Wednesday, February 25, 2009

Rwanda: RPF government plans to block UDF-Inkingi’s participation to the 2010 presidential race

By UDF-Inkingi Information Desk
February 19, 2009

So far, elections in Rwanda remind us those held in South Africa during the apartheid regime. Are things going to change in 2010?

According to sources in Rwanda which asked not to be named for fear of harassment by security organs, the RPF leadership is considering options aimed at blocking UDF-Inkingi participation to 2010 presidential race.

The source adds that one of the options in consideration might be an amendment to the Constitution that could tighten the requirements a candidate has to comply with to compete for the top executive job in the country.

The Article 99 of the Rwandan Constitution stipulates that a candidate for the office of the Presidency of the Republic shall:
(1) be of Rwandan nationality by origin,
(2) not hold any other nationality,
(3) have at least one parent of the Rwandan nationality by origin,
(4) have irreproachable morals and probity,
(5) not have been convicted and sentenced to a term of imprisonment of six months or more,
(6) not have been deprived of his or her civil and political rights,
(7) be at least thirty five (35) years old on the date of submission of his or her candidacy and
(8) be resident in Rwanda at the time of submission of his or her candidacy.

Our source reports that the RPF leadership is most likely considering imposing a period of at least two years of effective residence in Rwanda before the commencement date of the race.
UDF-Inkingi Policy Council announced last September 2008 that UDF-Inkingi will take part in the presidential election come 2010 and present a candidate alone or along with other political organizations. UDF-Inkingi was launched in Brussels in 2006 and most of its leaders still live in Western Europe.

If such an amendment is effectively introduced in the Constitution, it would bar them from participating in the forthcoming elections, a path that could leave them with no other option to implement their political program peacefully. In the recent past, hopeful candidates have been blocked from participating in presidential elections.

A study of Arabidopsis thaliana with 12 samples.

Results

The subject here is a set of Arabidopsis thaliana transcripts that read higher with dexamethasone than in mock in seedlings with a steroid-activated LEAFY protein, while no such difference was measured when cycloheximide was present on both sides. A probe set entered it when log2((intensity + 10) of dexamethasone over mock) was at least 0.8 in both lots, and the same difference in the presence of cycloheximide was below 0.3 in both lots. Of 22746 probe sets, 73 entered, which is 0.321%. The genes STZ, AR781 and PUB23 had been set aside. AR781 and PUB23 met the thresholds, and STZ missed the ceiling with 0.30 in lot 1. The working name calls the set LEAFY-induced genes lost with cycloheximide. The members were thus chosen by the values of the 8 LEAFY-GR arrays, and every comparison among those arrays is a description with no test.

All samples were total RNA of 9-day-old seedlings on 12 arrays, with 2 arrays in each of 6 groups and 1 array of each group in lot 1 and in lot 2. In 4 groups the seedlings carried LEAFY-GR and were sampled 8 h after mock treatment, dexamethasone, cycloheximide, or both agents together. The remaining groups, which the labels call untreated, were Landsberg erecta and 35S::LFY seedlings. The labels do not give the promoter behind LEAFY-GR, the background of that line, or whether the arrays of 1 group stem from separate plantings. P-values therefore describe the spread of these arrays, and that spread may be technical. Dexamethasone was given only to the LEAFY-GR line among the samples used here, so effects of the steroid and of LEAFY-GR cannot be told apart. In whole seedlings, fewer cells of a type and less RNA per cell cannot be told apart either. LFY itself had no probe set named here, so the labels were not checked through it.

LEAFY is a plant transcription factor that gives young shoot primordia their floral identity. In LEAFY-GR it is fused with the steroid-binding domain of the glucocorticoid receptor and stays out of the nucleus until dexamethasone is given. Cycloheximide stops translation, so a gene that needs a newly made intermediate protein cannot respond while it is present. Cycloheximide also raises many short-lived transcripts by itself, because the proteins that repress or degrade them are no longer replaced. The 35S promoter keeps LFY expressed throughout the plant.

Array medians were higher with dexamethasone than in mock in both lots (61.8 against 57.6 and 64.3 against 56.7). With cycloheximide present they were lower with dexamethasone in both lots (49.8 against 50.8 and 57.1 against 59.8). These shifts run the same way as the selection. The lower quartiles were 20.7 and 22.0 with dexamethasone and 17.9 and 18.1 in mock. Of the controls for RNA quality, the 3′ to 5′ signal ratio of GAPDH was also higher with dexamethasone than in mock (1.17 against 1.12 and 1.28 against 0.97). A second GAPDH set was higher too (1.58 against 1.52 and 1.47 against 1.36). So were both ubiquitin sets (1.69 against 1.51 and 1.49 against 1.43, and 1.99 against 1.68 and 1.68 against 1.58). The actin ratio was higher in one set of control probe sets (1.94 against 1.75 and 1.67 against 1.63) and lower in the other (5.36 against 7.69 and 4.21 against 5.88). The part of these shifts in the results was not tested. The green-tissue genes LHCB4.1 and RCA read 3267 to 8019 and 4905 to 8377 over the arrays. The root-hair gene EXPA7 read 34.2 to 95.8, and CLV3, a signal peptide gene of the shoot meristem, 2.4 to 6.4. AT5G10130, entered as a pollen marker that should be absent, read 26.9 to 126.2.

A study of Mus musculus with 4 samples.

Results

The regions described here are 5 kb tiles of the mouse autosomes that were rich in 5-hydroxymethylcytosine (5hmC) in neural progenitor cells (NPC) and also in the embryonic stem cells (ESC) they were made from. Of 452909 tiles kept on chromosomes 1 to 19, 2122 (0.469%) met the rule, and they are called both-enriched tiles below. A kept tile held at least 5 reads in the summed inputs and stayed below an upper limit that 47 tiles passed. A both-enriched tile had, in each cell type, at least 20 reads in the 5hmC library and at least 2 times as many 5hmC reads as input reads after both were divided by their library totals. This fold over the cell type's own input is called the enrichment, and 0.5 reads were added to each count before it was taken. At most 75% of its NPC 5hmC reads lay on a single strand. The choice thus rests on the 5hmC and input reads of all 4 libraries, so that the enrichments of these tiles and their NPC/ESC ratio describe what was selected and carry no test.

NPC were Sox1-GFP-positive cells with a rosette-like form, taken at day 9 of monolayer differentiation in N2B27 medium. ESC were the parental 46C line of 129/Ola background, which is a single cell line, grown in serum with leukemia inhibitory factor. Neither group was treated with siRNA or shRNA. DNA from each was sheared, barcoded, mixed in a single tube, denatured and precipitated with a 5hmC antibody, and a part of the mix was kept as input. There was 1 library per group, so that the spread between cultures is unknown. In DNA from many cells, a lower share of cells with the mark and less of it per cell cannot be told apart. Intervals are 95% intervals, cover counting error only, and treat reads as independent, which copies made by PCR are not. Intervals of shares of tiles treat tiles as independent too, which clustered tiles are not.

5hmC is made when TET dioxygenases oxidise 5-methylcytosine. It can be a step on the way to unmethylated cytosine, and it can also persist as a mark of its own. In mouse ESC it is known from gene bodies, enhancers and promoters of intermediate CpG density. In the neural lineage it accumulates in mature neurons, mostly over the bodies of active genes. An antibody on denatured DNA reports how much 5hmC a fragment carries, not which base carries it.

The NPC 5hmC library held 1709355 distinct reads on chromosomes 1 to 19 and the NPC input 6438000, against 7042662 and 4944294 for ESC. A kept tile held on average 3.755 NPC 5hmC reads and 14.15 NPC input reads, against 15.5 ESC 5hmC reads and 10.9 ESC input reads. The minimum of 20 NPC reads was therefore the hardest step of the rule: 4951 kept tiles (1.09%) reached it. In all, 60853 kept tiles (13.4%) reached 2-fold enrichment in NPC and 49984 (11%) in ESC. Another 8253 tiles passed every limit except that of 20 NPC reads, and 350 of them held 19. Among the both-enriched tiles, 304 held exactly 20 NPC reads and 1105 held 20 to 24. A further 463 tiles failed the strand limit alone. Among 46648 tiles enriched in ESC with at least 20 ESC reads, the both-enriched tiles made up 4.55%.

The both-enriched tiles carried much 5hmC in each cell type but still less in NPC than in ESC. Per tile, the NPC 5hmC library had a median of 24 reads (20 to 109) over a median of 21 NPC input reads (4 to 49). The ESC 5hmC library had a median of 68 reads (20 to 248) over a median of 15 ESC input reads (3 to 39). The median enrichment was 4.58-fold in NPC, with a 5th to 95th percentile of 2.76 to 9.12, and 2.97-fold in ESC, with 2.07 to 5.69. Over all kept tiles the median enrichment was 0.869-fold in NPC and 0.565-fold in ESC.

In 2002, former first post-genocide Rwanda’s President of the Republic Pasteur Bizimungu was sentenced to a 15 year jail term for having fallen out with the RPF and tried to launch an independent political party that could have most likely made him its flag-bearer in the last presidential election held in 2003, a trial and sentence that all independent observers described as meant to silence him and barring him from running for the top official job in Rwanda. He can’t stand for the coming election as well for that reason, since the Constitution doesn’t make any difference between common offences and political offences.

Last year, former hopeful candidate Dr Théoneste NIYITEGEKA was sentenced to a 30 year term by a Gacaca Court in Muhanga District, on concocted genocide charges in a trial that all independent civil society organizations described as politically motivated.

Ruling party RPF is an organization created by Rwandan refugees in 1986 with a very narrow political base that seized power by military force in July 1994 in apocalyptic conditions, a political and military calculation that plunged the country and the whole Great Lakes region in chaos up to now. The former rebel movement resumed hostilities on April 6th, 1994 after the shooting down of the presidential jet carrying President Habyarimana of Rwanda and President Cyprien Ntaryamira of Burundi, a terrorist attack that triggered the Rwandan genocide and buried the Arusha peace agreement that was being painfully implemented since August 1993.

The Arusha Peace Agreement that had been agreed on by the warring parties organized a power sharing transitional government that was due to last 22 months, concluded by general elections. The RPF strategists were convinced that they had no reasonable chance of winning them and opted for a resumption of hostilities.

Sixteen years down the road, the now ruling RPF party has not yet overcome its structural weakness and still uses a range of judicial, political and militaristic tactics aimed at delaying any peaceful, free and fair elections in Rwanda and rather maintains the country under a façade of multiparty environment that serves as a cover to a one-party political system.


The United Democratic Forces (FDU-Inkingi) is a political framework whose goal is to install the rule of law in Rwanda, underpinned by the respect of democratic values enshrined in the universal declaration of human rights and other international instruments relating to democracy and good governance. It is made up of organisations and individuals who are determined to offer to the Rwandan people an alternative political system to the dictatorial system of the Rwandan Patriotic Front (RPF). The FDU have the conviction that the building of a State must be based on the respect of the dignity of the human person, his freedoms and rights, and on accountability.